Using Amazon S3 Pre-Signed URLs for Temporary Object Access

Amazon S3 buckets protection is a critical security measure when using AWS. There have been numerous bad stories about unprotected S3 buckets, from established contractors like Accenture and Booz Allen Hamilton to huge companies like Verizon Wireless and Time Warner Cable. In this article, you will learn how to enhance the security of S3 buckets with pre-signed S3 URLs, and how to generate them for various cases.

Table of Contents

    What Are Pre-Signed S3 URLs and Why Use Them?

    Pre-signed URLs are used to provide short-term access to a private object in your S3 bucket. They work by appending an AWS Access Key, expiration time, and Sigv4 signature as query parameters to the S3 object.

    There are two common use cases when you may want to use them:

    • Simple, occasional sharing of private files.
    • Frequent, programmatic access to view or upload a file in an application.

    Let's explore each of these use cases below.


    Imagine you may want to share a confidential presentation with a business partner, or you want to allow a friend to download a video file you're storing in your S3 bucket. In both situations, you could generate a URL in CloudBerry Explorer for Amazon S3, and share it to allow the recipient short-term access.

    There are a couple of different approaches for generating these URLs in an ad-hoc, one-off fashion, including:

    See below for examples of each of these approaches.

    Generating a Pre-Signed S3 URL with AWS Tools for Powershell

    If you use the AWS Tools for Powershell, you can use the Get-S3PreSignedURLcmdlet to generate a pre-signed URL in your Powershell.

    The syntax is:

    Get-S3PreSignedURL -Bucket cloudberry-examples -Key presentation.ppt -Expires 2018-07-13

    The cmdlet will return the URL that you can copy and use as needed.

    Generating a pre-signed S3 URL with the AWS CLI

    To generate it with the AWS CLI, you can simply use the aws s3 presign command.


    "C:\Program Files\Amazon\AWSCLI\aws.exe" s3 presign s3://cloudberry-examples/presentation.ppt

    On a Mac or Linux system, the command is:

    $ aws s3 presign s3://cloudberry-examples/presentation.ppt

    The console will return a URL that you can copy and paste to the desired user.

    Generating a pre-signed S3 URL with MSP360 Explorer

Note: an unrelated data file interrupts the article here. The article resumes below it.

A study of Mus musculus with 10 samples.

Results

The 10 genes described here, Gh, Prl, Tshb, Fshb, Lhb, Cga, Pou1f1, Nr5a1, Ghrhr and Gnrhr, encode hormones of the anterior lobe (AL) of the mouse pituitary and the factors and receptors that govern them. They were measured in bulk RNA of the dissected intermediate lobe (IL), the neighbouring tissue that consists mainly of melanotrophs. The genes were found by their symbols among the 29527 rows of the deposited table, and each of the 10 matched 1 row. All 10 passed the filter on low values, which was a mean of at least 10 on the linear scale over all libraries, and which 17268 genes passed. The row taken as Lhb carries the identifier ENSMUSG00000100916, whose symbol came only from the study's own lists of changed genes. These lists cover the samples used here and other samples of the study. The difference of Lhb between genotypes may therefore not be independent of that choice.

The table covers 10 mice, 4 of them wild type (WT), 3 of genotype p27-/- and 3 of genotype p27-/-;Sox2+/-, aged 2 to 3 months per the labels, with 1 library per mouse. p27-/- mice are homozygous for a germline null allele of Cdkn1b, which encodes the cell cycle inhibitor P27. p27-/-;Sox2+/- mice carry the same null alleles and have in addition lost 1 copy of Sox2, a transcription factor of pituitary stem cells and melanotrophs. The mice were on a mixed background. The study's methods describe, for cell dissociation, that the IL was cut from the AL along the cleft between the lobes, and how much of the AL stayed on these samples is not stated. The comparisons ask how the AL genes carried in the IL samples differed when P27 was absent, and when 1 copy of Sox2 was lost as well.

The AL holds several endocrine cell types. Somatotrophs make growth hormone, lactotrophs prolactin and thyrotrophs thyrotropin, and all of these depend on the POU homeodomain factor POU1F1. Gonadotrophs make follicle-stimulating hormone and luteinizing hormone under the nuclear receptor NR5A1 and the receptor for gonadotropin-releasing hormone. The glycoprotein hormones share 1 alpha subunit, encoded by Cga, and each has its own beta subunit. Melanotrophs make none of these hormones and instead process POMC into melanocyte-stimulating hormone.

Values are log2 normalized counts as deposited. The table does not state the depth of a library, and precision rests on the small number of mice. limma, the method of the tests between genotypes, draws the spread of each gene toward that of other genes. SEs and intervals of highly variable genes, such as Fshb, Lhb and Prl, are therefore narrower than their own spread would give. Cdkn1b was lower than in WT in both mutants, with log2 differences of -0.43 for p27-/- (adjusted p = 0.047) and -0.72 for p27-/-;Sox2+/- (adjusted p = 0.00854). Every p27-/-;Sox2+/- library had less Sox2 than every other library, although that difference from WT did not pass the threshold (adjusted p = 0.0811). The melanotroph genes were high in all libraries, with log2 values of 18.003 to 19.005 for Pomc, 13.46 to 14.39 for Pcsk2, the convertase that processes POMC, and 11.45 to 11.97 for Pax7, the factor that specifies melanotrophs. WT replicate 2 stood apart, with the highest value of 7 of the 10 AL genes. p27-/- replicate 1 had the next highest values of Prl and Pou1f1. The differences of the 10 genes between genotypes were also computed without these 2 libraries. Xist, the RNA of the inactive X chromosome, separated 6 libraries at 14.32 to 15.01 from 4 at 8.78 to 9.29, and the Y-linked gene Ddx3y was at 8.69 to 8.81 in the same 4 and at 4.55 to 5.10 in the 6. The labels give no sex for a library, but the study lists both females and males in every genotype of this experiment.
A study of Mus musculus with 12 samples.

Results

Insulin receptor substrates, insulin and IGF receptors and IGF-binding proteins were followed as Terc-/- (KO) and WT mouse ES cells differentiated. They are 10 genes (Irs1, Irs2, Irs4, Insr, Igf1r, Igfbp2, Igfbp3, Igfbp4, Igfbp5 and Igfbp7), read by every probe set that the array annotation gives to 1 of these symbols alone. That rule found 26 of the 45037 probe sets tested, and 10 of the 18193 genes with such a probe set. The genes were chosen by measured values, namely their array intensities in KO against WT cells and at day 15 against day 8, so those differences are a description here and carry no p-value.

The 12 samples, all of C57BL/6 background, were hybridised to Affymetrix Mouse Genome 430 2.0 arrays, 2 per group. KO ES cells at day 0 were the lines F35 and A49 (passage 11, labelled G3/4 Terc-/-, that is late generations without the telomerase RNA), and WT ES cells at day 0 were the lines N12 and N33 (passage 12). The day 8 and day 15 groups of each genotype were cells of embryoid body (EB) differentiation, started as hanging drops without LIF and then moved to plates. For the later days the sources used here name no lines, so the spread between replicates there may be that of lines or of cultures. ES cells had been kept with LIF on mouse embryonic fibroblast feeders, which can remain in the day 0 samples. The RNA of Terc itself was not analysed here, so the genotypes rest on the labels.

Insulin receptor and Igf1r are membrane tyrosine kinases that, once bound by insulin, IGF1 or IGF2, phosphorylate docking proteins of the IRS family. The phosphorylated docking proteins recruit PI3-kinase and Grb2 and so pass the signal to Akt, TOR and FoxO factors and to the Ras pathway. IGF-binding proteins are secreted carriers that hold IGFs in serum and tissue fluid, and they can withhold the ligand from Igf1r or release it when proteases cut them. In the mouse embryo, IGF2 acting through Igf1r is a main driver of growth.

MSP360 Explorer is the easiest way to generate a one-off URL. Simply follow the steps below.

    First, choose the object for which you want to generate a URL, then click the "Web URL" button, as shown in the image below.

    Web URL button

    Second, choose whether you want an HTTP or HTTPS URL. You should prefer an HTTPS URL as the query string parameters, including the Access Key and signature, will be sent over a secure connection. Select the "Expire URL at a certain date"option to configure the expiration date. Finally, click "Generate", and copy the URL.

    HTTP/HTTPS options

    Using S3 URLs for Temporary, Automated Access in Your Application Code

    The examples shown above are useful for generating a single pre-signed URL that you need for an ad hoc use case. More commonly, you may have an application that needs to generate short-term access to an S3 bucket. For instance, you need this URL when you store files on S3, and users need to download them from your bucket, or, alternatively, upload something.

    You can perform both of these operations with the AWS SDKs for any language. Below are examples of how to use Boto 3, the AWS SDK for Python, to generate these URLs in your application code.

    Generating a URL for Reading an Object in Your Application Code with Python and Boto3

    As mentioned above, you may want to provide temporary read access to an S3 object to a user of your application. The code snippet below shows how you would do it in your application code.

    First, we import the boto3 library and construct a client to interact with S3. Then, we generate a URL that will allow the GetObject API call on the object we specify:

    import boto3
    s3 = boto3.client('s3')
    url = s3.generate_presigned_url(
            'Bucket': 'cloudberry-examples',
            'Key': 'invoices/user1234/july2018.pdf'

    This URL could be sent to a user to view in their browser and receive temporary access.

    Generating a URL for uploading an object in your application code with Python and Boto3

    You can generate a pre-signed URL that can be used for POST requests. This can be useful for allowing clients to upload large files directly from the browser with limited permissions.

    Imagine I want to allow a user to upload a file to my cloudberry-examples bucket with the key name of uploads/image.jpg. In the example below, I use the generate_presigned_post method to construct the Amazon S3 URL and return it to the client. I can even add conditions onto the request, such as ensuring the file size is no larger than 1 MB:

    import boto3
    s3 = boto3.client('s3')
    response = s3.generate_presigned_post(
            ['content-length-range', 1, 1048579]
    {'url': '', 'fields': {'key': 'uploads/image.jpg', 'AWSAccessKeyId': 'AKIALGKOKBY37F5FZF4I', 'policy': 'eyJleHBpcmF0aW9uIjogIjIwMTgtMDctMTNUMDI6Mzg6MTBaIiwgImNvbmRpdGlvb
    hZHMvaW1hZ2UuanBnIn1dfQ==', 'signature': 'ZY7Orehfdzg+ToJJXhYuV/XyK5o='}}

    The response will include a URL property, as well as a fields property with a set of key-value pairs. The fields key-value pairs must be sent with the file as part of a multipart/form-data request.


    In this article, we learned that pre-signed S3 URLs are an easy way to provide secure access to an object in your S3 buckets. We discussed a few scenarios where you would want to use them, and how to generate these URLs in a variety of methods.